Although I wouldn’t call myself a socialist, I often read the blog Socialist Economic Bulletin, published but not written by the former Mayor of London, Ken Livingstone. Livingstone is currently embroiled in a media storm over alleged racist comments, which are nothing to do with the blog. What I want to focus on in this post is the emphasis in the economics of the SEB and many other left wing economists on investment as of paramount importance in the achievement of economic progress for the majority. What seems to stand out in such arguments is the focus on the amount of investment, to the neglect of its allocation. By contrast the right focusses on the superiority of the private sector, and neglects public investment when both are important.
The SEB is currently making the case that the UK’s poor economic performance in recent years, with weak growth in output and productivity, is due to insufficient private and public sector investment. It makes the case that a big rise in public sector investment in infrastructure will ‘crowd-in’ private investment. I have previously made a similar case on this blog. Depending on the selection of projects by the state, the crowding-in effect is indeed possible. But depending on the scale of the public investment, crowding-out is also possible, although unlikely given the current extremely low level of interest rates. Many economists have drawn the conclusion that the economy is crying out for public borrowing to finance investment. This would provide a short term boost to aggregate demand or purchasing power, and would also increase capacity, thus boosting the supply-side and in the longer term improving productivity.
Marx famously said: “accumulate, accumulate, that is Moses and the prophets.” By this he meant that capitalism is innately expansionary, despite periodic fluctuations and crises or recessions. This is surely true: investment is the motor of economic growth and leads to growth in both demand and supply. Capitalist economies have achieved growth like nothing before.
The writers on the SEB blog seem to be only half-hearted socialists, in that they favour the mixed economy, a mixture of public and private ownership with a strong role for the state in a capitalist system. They might dispute this claim, but to me they are more like statist social democrats. There may be nothing wrong with that. But the importance in their analysis given to the share of investment in GDP is typical of many on the left.
That a higher investment share in GDP in the economy need not produce more rapid growth in productivity and output is evident from the experience of Japan in recent decades. It has consistently invested proportionately more than other rich countries, but its growth performance has been mediocre. Its per capita performance has been less bad, as it has a shrinking population, but it has certainly fallen behind other advanced countries in terms of productivity. This would suggest that investment is being allocated inefficiently rather than the problem lying in its insufficiency.
Problems of investment misallocation or overinvestment can happen under capitalism or socialism, but the historical record shows that the former tends to be better at overcoming the induced problems. In the post-war period, the former Soviet Union grew fairly rapidly for some time and had high rates of investment. Ultimately this performance could not be sustained. Despite boasting the first human in space, and a powerful military, major projects which are perhaps less of a problem for state-led production, ordinary consumers were poorly served by the system.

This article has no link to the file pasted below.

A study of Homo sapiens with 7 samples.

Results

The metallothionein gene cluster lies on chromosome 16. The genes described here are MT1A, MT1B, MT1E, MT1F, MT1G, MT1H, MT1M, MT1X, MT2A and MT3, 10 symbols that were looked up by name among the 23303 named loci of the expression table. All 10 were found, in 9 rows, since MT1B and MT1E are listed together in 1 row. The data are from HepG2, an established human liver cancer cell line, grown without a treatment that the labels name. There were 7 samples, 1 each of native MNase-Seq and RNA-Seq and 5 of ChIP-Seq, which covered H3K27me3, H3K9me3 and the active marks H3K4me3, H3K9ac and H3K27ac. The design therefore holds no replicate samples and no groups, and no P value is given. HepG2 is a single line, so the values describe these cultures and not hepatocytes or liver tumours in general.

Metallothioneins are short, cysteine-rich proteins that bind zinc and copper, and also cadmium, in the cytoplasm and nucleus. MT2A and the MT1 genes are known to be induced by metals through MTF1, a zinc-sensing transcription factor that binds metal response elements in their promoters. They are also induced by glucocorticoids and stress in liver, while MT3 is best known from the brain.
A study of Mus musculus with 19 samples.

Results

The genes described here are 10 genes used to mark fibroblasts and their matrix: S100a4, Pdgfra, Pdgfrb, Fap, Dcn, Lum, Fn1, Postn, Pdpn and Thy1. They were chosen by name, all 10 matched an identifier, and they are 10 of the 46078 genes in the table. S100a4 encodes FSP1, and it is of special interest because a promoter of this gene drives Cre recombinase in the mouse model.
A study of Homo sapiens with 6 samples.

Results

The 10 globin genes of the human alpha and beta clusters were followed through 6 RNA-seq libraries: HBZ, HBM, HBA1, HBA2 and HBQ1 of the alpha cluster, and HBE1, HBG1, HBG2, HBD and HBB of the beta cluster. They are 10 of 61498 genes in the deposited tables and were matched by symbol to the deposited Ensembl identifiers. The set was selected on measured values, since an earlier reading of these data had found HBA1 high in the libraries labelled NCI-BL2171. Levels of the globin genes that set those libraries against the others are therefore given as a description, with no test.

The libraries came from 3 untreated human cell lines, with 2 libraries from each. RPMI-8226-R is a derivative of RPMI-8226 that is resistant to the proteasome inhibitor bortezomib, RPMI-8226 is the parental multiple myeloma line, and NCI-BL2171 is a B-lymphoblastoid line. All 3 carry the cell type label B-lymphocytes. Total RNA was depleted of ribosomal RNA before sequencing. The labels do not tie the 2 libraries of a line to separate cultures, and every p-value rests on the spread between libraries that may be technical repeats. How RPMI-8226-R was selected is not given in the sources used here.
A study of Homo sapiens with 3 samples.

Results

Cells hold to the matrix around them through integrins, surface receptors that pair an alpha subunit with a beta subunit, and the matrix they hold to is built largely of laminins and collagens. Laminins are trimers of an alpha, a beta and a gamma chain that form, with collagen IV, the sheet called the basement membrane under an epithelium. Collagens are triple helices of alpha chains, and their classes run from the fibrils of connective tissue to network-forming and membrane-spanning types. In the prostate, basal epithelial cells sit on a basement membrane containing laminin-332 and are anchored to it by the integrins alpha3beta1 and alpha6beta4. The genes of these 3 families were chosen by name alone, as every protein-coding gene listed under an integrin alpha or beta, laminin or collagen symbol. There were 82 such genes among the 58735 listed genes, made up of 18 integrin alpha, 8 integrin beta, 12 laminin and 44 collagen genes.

There have also been a number of ‘growth miracles’ among capitalist nations since the war. These relied on industrial policies in which the state encouraged high rates of investment in strategically important sectors. In Japan, South Korea, and Taiwan, this took different forms, but rapid growth followed and lasted for some time, as these economies caught up technologically with the richest nations. China has followed a similar path, but remains some way behind in per capita terms. Such success stories have proved the exception rather than the rule. Many countries have attempted industrial policies, but few have made the transition to rich-country status. This seems to require a shift from an industrial policy for catching-up, which involves firms borrowing existing technologies, to one in which new technologies are themselves developed. The state may still play a role, but its precise involvement will change.
Other rich countries such as the UK currently have much lower investment shares than today’s Japan, and in the case of the former, the problem may be the level rather than the allocation.
The point is that the investment share as well as its allocation are important, and both can constrain growth in output and productivity. In the UK as elsewhere, the left may well be right: public investment is woefully low, despite many appearances by the Chancellor George Osborne on building sites, wearing a hard hat. But the rhetoric belies the reality.
The right too is guilty in its faulty analysis of investment. It tends to cling to the idea that the private sector is inevitably more efficient than the public sector. This is really ideology: investment projects should be judged on their individual merits. At the very least, public investment in research, infrastructure and education are necessary in any growing economy. Public and private necessarily interact and shape each other. If they are neglected, as public investment is at present at the altar of austerity in many countries, the advancement of prosperity will suffer.